Eyes will be on Gov. Chris Christie’s choice for interim U.S. senator in New Jersey if bills sought by LGBT advocates come up for a vote on the floor while he occupies the seat.
On Thursday, Christie announced that he’s designating New Jersey Attorney General Jeffrey Chiesa to occupy the seat on an interim basis after the death of Sen. Frank Lautenberg. Chiesa will hold the seat until New Jersey voters decide on a permanent U.S. senator in a special election set for Oct. 16.
It’s unclear where Chiesa stands on federal LGBT issues. Christie’s office didn’t immediately respond to a request from the Washington Blade to comment on Chiesa’s views
But during a Jan. 25, 2012 interview with NJ Today, Chiesa spoke out on the issue of defending state law against pending litigation seeking marriage equality in New Jersey. Articulating a somewhat neutral position, Chiesa said he’ll defend the law banning same-sex marriage, or defend the law if it were changed.
“My role as the legal adviser is to defend the constitution and the laws as they’re passed,” Chiesa said. “We’ll continue to do that. The laws as they’re in place right now to the extend that they’re being contested as being unconstitutional, my office will continue to assert their constitutionality, and if there’s other laws that are passed, it’ll be our job to do the same thing whatever the state of the law is.”
Litigation pending before the state court in New Jersey seeking marriage equality, known as Garden State Equality v. Dow, was filed by Lambda Legal and the statewide LGBT advocacy group Garden State Equality. State officials in other states — such as California Attorney General Kamala Harris and Illinois Attorney General Lisa Madigan — have refused to defend bans on same-sex marriage against similar lawsuits.
Also on the issue of marriage, Chiesa never changed an existing opinion from previous New Jersey Attorney General Paula Dow saying out-of-state same-sex marriages won’t be recognized in the Garden State.
TJ Helmstetter, a spokesperson for Garden State Equality, said Chiesa was “a surprise pick” and hopes the new interim senator will take the opportunity to learn more about them during his role as U.S. senator.
“We hope that during his time in Washington, however that short that is, that he uses that time like so many other members of both parties to evolve on issues of equality and to really get with the rest of New Jersey, the majority of New Jerseyans, who support fairness for all families,” Helmstetter said.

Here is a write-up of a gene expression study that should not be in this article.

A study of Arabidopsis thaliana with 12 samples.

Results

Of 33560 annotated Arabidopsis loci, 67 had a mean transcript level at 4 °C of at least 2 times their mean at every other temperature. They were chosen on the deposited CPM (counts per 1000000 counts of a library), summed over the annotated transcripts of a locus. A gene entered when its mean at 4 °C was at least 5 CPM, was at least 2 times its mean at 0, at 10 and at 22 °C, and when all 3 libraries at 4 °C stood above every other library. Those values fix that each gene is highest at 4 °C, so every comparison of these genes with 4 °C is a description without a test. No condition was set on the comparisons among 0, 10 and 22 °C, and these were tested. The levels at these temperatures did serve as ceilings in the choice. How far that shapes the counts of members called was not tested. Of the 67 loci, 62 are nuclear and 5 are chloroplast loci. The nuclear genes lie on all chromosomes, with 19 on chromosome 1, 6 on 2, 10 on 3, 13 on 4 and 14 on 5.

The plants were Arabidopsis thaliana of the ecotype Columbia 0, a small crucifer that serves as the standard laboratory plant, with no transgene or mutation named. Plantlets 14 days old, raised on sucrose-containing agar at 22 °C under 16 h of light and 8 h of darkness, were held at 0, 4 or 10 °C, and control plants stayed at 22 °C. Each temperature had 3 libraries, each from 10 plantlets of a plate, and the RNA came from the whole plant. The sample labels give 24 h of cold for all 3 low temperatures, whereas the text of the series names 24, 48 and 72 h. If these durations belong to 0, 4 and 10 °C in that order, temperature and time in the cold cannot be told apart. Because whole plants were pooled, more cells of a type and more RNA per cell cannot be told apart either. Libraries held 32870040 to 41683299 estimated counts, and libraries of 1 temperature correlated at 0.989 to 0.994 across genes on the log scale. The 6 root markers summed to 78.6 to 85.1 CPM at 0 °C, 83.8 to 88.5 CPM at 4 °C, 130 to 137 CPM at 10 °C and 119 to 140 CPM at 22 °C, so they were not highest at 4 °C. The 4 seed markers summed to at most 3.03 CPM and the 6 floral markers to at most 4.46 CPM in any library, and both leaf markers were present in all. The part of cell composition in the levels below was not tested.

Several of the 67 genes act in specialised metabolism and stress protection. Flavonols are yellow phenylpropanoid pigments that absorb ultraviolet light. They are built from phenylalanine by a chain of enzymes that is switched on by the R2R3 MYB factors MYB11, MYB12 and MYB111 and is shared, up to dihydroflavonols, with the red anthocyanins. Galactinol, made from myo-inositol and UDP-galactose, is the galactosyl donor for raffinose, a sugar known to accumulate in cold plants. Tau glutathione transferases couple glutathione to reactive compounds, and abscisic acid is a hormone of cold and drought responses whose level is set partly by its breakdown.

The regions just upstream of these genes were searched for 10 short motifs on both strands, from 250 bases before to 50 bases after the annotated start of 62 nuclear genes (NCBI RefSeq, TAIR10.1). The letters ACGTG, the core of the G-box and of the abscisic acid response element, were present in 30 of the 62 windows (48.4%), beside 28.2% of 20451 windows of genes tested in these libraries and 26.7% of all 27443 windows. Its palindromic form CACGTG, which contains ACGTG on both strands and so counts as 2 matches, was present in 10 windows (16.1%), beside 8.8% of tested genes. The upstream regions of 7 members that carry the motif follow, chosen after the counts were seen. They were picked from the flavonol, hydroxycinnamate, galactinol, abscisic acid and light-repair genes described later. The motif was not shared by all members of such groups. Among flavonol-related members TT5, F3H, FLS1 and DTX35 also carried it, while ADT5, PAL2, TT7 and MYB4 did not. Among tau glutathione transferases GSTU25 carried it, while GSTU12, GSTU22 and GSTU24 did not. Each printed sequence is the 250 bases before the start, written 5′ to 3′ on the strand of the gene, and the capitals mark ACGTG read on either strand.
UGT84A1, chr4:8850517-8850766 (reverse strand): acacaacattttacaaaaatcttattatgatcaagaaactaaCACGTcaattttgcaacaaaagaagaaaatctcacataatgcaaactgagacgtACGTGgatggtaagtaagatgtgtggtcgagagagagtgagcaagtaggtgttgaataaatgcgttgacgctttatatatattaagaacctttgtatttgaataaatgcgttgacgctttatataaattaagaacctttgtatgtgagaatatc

But there’s some evidence of support. Helmstetter praised Chiesa for work in implementing and defending the LGBT-inclusive anti-bullying legislation that Christie signed into law.
“We must give credit where credit is due, and this AG has been helpful, for instance, in defending the anti-bullying ‘Bill of Rights,’ working with our organization to make sure that New Jersey has the strongest anti-bullying bill, not only in law but also in fact,” Helmstetter said.
Chiesa’s views on LGBT issues will be important as LGBT advocates seek to overcome the 60-vote threshold to beat a filibuster on bills that may come to the floor in the coming months, such as the Employment Non-Discrimination Act and the Uniting American Families Act. Education reform legislation that includes the Student Non-Discrimination Act and the Safe Schools Improvement Act — which a Senate committee will start considering on Tuesday — may also come to the floor.
A “no” vote from the Republican would be particularly poignant because Chiesa is occupying a seat held by Lautenberg, whom LGBT advocates praised as a “champion for equality” upon his death his earlier this week.
Chiesa’s views may conform to those views of Christie, who opposes same-sex marriage and vetoed a bill that would have legalized it in the state, but also signed into law one of the strongest LGBT-inclusive anti-bullying bills in the country.
But Helmstetter said it’s possible that state laws in New Jersey against LGBT employment non-discrimination and anti-LGBT bullying would prompt him to vote in favor of similar measures on a federal level.
“I would that expect Chiesa — coming from a state that is so overwhelmingly pro-equality and already has protections in place around employment and so many other areas — that he would take that knowledge from a pro-equality state to Washington and help spread that equality on a federal level,” Helmstetter said.